Hong Kong remains at ‘high risk’ for laundering, says senior official

Hong Kong’s banking sector remains at “high risk” of being exploited for illicit fund flows, the territory’s most senior anti-money laundering (AML) official has warned. Carmen Chu, head of enforcement and AML at the Hong Kong Monetary Authority (HKMA), said the surge in digital financial services during the pandemic had given rise to a new set of financial crime risks. Chu was speaking at the Association of Certified Anti-Money Laundering Specialists (ACAMS) conference in Hong Kong.

Fintech had ushered in many benefits during the pandemic, particularly in facilitating “speedy remote bank account opening and operation”, conference delegates heard. This technological shift had also been abused, however, by fraudsters and money mules.

The HKMA is updating its ML/TF risk assessment to reflect the new financial services threat matrix, the conference heard. Chu said the territory’s risks remained elevated due to Hong Kong’s role as an international financial centre and the strong growth of digital financial services in recent years.

“Our risk assessment builds on detailed information on typologies and trends, which is shared day-to-day through public-private partnerships among banks, law enforcement agencies and the HKMA. This forms the baseline for our risk-based approach to AML,” she said.

Global threats

The ACAMS event heard that the global efforts to combat money laundering and terrorist financing (ML/TF) are under challenge. Chu said banks would need to rely on sophisticated technology to keep pace with the explosion in criminal threats.

“It requires speedy detection and disruption to address the emerging threats, and protect banks as well as their customers from resultant financial losses,” Chu said.

Conference delegates heard that regulators were also aiming to foster a healthy “regtech” ecosystem across the APAC region to manage the financial crime risks.

“Innovation in our response will not only make compliance more effective, but also achieve better outcomes, sustainable over the longer term,” Chu said.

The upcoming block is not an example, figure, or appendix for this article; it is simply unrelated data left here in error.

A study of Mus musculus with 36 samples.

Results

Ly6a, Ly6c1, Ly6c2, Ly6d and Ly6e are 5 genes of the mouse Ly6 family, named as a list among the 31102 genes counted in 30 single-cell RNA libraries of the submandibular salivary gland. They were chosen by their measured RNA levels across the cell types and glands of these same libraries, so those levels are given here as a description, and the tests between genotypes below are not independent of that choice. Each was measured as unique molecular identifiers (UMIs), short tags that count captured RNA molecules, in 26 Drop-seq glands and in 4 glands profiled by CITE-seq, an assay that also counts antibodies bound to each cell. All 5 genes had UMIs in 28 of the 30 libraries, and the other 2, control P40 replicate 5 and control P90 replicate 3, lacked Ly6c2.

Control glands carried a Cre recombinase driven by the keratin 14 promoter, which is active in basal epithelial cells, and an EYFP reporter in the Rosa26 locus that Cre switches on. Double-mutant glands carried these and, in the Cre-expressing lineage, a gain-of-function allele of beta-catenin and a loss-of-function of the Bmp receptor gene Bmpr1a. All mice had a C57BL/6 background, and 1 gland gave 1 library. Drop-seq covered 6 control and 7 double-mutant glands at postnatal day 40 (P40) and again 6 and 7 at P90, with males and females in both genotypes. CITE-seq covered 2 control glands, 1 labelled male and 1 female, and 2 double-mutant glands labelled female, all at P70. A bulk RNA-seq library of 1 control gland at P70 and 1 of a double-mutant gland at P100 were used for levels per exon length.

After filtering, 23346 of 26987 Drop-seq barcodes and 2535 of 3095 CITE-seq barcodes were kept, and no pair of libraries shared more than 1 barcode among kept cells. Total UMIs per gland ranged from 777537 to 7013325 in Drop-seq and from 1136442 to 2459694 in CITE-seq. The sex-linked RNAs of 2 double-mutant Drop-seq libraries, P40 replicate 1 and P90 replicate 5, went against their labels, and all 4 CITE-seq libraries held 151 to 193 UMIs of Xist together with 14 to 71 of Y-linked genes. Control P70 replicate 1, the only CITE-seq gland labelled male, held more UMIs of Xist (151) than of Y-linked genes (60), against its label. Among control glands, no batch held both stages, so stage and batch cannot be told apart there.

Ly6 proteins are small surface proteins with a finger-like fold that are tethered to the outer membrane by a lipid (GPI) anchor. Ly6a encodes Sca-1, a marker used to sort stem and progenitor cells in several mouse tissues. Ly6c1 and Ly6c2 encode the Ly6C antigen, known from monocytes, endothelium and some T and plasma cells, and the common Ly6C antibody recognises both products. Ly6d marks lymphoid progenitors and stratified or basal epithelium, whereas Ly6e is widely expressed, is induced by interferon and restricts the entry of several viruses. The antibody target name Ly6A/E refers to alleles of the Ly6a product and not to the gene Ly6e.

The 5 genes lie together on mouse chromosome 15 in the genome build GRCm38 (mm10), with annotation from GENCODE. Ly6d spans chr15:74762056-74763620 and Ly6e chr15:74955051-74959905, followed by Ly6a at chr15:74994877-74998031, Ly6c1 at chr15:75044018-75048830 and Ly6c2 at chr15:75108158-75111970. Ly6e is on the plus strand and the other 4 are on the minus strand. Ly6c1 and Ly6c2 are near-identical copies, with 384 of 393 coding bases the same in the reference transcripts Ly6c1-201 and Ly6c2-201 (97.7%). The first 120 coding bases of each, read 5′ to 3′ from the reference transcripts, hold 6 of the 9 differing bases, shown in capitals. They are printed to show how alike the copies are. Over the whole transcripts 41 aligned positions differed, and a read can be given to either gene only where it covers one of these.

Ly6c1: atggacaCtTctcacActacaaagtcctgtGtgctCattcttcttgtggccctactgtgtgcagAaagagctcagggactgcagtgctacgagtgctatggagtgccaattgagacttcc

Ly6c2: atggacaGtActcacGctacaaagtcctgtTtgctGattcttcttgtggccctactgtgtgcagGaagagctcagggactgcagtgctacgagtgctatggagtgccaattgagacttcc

“Analytics provides high-quality and actionable information to support other stakeholders in the AML ecosystem to disrupt fraud and financial crime.”

The ACAMS event also heard that rules-based transaction monitoring also needs to evolve to match the new threat landscape.


“Technology firms are offering innovative ideas and add-on enhancements that promise to make such systems more effective and efficient,” Chu said.

In the coming year, the HKMA will be expecting firms to take a nuanced approach to managing customer onboarding risks. Whether this is done remotely or face to face, the same standards apply.

“The onboarding process is not a zero-failure concept. It is impossible to stop all criminals from entering the financial system solely by the on-boarding process,” Chu said.

Sophisticated transaction monitoring by financial institutions is the second line of defence.

“This is extremely important for detecting and reporting suspicious transactions early, and assisting investigations by law enforcement agencies to disrupt bad acts,” Chu said.

The HKMA is carrying out a thematic review of banks’ transaction monitoring systems. The regulator will also update its guidance for customer screening, transaction monitoring and suspicious transaction reporting.